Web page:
WASHINGTON — The Russian Foreign Ministry announced a round of sanctions against U.S. officials in response to new, heavier sanctions against Vladimir Putin's inner circle and a bank that services them.
Russia is imposing sanctions on Deputy National Security Advisor for International Economic Affairs Caroline Atkinson, White House Communications Director Dan Pfeiffer, Deputy National Security Advisor Ben Rhodes, Senate Majority Leader Harry Reid, Speaker of the House John Boehner, Senate Foreign Relations Committee Chairman Robert Menendez, Senate Energy and Natural Resources Committee Chairman Mary Landrieu, Sen. John McCain, and Sen. Dan Coats.
The officials are barred from entering Russia.
"The speaker is proud to be included on a list of those willing to stand against Putin's aggression," Boehner's spokesman Michael Steel said in a statement on Thursday.
Menendez tweeted, "If standing up for #democracy & sovereignty in #Ukraine means I'm #SanctionedByPutin, I'll take it."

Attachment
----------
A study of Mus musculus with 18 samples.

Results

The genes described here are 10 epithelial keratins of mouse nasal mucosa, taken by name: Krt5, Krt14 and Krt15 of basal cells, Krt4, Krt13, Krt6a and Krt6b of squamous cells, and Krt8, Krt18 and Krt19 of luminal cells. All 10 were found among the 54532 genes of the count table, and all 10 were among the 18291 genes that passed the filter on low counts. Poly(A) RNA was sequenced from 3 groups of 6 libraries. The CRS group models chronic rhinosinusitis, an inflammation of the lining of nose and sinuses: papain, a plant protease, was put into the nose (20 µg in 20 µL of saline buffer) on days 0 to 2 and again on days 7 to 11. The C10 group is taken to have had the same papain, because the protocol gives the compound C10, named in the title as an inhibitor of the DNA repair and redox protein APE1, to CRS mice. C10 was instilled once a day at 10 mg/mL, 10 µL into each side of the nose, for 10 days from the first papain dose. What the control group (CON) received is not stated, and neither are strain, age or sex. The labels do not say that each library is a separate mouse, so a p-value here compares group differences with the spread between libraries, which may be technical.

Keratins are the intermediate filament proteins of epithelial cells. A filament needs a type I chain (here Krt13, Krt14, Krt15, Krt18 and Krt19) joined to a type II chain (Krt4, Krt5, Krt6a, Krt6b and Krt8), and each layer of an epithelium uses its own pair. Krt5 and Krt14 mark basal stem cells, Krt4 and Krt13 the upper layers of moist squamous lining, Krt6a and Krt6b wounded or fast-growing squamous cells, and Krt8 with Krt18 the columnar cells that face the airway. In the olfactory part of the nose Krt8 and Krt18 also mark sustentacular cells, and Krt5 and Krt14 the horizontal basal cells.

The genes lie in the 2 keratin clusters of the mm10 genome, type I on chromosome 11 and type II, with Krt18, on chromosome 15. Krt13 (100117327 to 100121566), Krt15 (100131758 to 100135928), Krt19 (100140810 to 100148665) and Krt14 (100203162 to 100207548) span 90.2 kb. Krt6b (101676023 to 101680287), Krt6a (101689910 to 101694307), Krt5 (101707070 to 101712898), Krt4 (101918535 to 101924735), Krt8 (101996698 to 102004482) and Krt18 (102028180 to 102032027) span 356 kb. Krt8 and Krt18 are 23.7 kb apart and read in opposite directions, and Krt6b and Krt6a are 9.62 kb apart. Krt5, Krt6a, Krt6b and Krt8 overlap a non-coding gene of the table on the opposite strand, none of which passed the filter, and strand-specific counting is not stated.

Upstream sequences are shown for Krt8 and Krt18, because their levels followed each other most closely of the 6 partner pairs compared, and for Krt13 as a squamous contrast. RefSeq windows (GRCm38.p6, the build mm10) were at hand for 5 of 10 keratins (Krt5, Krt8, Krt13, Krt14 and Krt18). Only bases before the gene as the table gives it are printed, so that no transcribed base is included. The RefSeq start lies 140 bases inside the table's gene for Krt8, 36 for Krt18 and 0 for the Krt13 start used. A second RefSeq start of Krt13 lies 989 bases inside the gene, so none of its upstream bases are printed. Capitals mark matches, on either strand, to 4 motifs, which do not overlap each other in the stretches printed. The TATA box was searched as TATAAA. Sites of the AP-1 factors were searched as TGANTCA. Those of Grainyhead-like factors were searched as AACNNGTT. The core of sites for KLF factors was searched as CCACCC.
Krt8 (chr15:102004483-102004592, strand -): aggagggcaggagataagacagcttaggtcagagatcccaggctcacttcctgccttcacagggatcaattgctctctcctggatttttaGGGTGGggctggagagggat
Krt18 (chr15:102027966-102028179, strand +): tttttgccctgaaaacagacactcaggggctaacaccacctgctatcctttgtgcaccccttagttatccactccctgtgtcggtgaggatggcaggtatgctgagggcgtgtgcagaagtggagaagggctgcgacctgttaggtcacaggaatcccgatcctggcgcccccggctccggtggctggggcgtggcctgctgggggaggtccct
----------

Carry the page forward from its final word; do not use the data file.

"While I'm disappointed that I won't be able to go on vacation with my family in Siberia this summer, I am honored to be on this list," Coats said in a statement. "Putin's recent aggression is unacceptable, and America must join with our European allies to isolate and punish Russia. I will continue to lead efforts on Capitol Hill to bring Putin to his senses."
The Daily Beast reported on Tuesday that Russia would sanction some U.S. senators, though some named in the report, like Sen. Dick Durbin, are not on the list, and others who were reported to not be on the list, like Reid, are on it.
The Russian response has been received as less potent than the new U.S. sanctions. The United States announced a round of sanctions targeting officials and oligarchs with close ties to Putin as well as Bank Rossiya — individuals and entities that many Russia watchers never expected to be hit with sanctions.
This post has been updated to include Coats' statement.